There is a realization within the government that it has to revive private investments and doing so would require to take concentrated policy action.

The budget presented on Friday gets almost everything right and was perhaps extremely bold on its vision for a “New India”. The same was reflected in the #BudgetForNewIndia that was used by none other than the Prime Minister and this sends a very strong & positive signal to private capital.

It is no secret that something went wrong in FY2018 from the second quarter and that’s why our growth slowed from 8.0 to 5.8 per cent within 3 quarters. This fall is likely to have spooked many, but the slowdown was a consequence of our monetary ignorance. With a series of rate cuts since then, we can see a reversal in the policy stance, and that is a welcome sign.

Beyond the monetary woes, expectations were on the budget to ensure that growth revives, and India’s finance minister has set the ball rolling for what looks like a departure from our conventional policy stance. It is important to note that the importance of budget has come down over the years, more so since the introduction of GST. Therefore, we no longer have anchors telling us what’s expensive or cheaper after the announcement of our budget- or well, we sometimes do when there are changes in import tariffs.

In my wishlist for the budget, I had indicated lowering of corporate tax rates- and of cost of capital to revive investments. The economic survey highlighted these issues as it stressed on the revival of investments. It is worth mentioning that the High-Level Advisory Group (HLAG) on trade headed by Dr Surjit Bhalla raised these points a couple of months ago. Therefore, there is a realization within the government that it has to revive private investments and doing so would require to take concentrated policy action.

With India having one of the highest corporate tax rates in the world, followed by a dividend distribution tax and surcharges, firms are left with little retained earnings to invest. Add to this the high cost of capital in India and firms become further dissuaded from taking risks on their balance sheets. It would be fair to see that the risk-reward was mismatched. We’ve seen some correction come in with the reduction in corporate taxes to 25% for 99.3 per cent of the firms. But then, why ignore the other 0.7 per cent? Especially at a time when we want to sustain investments. Bigger firms have bigger capacity and aptitude to invest and therefore they should not be subjected to one of the highest corporate taxes in the world. To benefit the small firms, you could have given an additional 2 per cent reduction from 25 per cent level while for the rest you could have kept the rates at 25 per cent itself.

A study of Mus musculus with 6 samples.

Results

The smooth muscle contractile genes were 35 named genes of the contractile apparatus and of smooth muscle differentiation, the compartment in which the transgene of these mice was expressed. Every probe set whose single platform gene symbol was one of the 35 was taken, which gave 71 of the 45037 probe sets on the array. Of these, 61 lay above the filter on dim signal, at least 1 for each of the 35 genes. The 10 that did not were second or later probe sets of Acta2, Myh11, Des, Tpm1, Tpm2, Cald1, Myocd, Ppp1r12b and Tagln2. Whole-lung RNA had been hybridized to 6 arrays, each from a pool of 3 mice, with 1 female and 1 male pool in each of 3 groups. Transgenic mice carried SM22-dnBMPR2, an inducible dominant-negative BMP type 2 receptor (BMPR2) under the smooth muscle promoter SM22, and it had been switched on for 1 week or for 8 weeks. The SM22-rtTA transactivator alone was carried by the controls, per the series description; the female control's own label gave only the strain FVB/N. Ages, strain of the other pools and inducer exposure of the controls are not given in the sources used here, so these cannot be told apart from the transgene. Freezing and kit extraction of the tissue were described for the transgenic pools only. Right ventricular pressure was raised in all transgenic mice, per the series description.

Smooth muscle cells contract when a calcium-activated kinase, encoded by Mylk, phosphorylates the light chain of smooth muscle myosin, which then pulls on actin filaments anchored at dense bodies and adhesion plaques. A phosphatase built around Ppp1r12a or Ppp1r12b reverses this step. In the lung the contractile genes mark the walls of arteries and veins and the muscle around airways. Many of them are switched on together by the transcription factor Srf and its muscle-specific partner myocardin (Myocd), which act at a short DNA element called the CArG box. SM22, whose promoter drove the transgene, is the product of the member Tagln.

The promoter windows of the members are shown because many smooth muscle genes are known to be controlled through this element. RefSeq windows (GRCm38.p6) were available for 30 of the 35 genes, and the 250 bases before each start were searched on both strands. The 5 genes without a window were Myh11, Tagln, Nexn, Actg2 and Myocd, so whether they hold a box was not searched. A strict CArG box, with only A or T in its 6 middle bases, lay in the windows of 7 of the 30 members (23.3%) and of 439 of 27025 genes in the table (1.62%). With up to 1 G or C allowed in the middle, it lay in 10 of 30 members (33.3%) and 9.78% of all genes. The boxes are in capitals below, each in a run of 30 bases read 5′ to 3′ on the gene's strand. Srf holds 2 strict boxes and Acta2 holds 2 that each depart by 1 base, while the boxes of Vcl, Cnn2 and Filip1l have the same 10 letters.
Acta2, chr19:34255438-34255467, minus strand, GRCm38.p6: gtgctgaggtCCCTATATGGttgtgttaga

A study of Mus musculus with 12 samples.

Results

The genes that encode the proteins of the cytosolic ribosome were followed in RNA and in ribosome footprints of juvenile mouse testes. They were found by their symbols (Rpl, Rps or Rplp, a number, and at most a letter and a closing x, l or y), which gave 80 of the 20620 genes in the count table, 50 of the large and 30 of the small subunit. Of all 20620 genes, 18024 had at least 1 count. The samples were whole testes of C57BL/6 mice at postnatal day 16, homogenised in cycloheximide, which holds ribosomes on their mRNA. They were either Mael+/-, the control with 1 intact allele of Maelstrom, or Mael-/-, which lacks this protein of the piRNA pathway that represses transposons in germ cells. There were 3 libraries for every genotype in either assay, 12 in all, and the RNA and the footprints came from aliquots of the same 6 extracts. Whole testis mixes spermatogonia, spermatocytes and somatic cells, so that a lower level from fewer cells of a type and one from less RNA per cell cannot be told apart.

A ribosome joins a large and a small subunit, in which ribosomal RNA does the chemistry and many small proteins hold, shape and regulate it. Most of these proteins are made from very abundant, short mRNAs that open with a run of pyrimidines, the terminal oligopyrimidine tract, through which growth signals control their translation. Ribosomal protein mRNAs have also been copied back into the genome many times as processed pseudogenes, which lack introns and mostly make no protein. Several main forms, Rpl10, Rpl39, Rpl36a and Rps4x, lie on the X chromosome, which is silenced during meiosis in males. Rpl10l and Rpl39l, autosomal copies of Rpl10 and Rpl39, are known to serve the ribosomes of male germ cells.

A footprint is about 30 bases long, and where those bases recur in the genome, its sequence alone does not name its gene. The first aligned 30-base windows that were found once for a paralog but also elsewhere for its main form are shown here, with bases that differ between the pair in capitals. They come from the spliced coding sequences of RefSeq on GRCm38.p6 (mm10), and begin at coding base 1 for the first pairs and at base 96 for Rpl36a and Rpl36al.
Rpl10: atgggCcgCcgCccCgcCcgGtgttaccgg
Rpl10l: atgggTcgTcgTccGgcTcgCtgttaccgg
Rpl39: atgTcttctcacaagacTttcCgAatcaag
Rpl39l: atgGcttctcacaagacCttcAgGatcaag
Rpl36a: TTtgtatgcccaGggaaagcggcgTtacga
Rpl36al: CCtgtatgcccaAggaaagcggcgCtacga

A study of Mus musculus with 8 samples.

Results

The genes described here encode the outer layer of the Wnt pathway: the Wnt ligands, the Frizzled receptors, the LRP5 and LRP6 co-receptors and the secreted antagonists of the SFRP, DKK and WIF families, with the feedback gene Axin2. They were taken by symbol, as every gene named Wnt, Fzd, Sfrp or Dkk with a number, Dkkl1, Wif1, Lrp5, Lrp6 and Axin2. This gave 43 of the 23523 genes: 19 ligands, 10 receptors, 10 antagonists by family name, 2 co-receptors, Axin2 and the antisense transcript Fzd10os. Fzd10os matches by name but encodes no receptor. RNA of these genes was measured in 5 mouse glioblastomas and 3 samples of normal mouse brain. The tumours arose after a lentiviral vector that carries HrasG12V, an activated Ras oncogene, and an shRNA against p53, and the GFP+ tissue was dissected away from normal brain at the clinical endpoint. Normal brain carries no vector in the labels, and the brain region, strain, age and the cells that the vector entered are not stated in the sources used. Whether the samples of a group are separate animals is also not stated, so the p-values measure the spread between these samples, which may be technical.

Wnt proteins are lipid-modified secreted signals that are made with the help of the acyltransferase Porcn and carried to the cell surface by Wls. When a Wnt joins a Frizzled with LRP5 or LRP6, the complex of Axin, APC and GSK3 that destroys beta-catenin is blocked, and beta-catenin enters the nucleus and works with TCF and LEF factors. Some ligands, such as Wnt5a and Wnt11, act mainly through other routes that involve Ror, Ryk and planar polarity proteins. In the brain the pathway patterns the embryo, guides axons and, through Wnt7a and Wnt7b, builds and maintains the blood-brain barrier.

Nevertheless, the fact that we witnessed a corporate tax cut for a majority of firms is itself a big development and it sends a sign that the government is embracing businesses. When one views the statement on integrating India into the global value chain, and relaxation of the local sourcing norms for single-brand retail, it convinces one more that we’re on the correct path.

But the relaxation of local sourcing norms should happen for other sectors too, especially the ones that are looking to shift their supply chain from China. This is a once in a lifetime opportunity in front of us to seize the moment and transform our economy. Doing so will require multiple policy steps over the coming months and I am optimistic that the government is likely to take them.

As far as the hike in excise duty and cess on petrol and diesel is concerned, it’s a good fiscal strategy but it’s one that is only likely to work when the international crude oil prices are low. For long term prudence, it’s important to realize that our expense is majorly on interest payments due to the high cost of domestic borrowings. The government has rightly identified this and decided to look at sovereign debt in US denominated bonds to raise money from international markets. This is likely to have a big impact in strengthening our fiscal position over the coming years.

However, it makes little sense to increase the surcharge on the rich. The surcharge has the potential to reduce compliance through legitimate measures and as is the case, expected revenue mobilization from the tax is only 2.8-3 thousand crores. It is likely that the surcharge may not mobilize this amount and therefore, it makes little economic sense to introduce it. Politically, it may send the message that the government is taxing the rich but at a time when we want to embrace businesses and businessmen, one can avoid sending such signals.

By all means, as a middle-class citizen, I didn’t get a tax break, not in today’s budget nor in the previous one. Despite that, I argued that if there’s limited tax space then the government should cut corporate taxes rather than income taxes. My logic for this argument was based purely out of what the economy required at the moment because a strong economy is likely to benefit me more rather than a modest tax cut. This is true for all those who’re drawing regular salaries and wonder what was there for them in this budget. The answer to that is a strong economy that is likely to help them move up the social ladder towards higher income groups.

Karan Bhasin is a political economist by training and has diversified research interests in the field of economics. He tweets @karanbhasin95.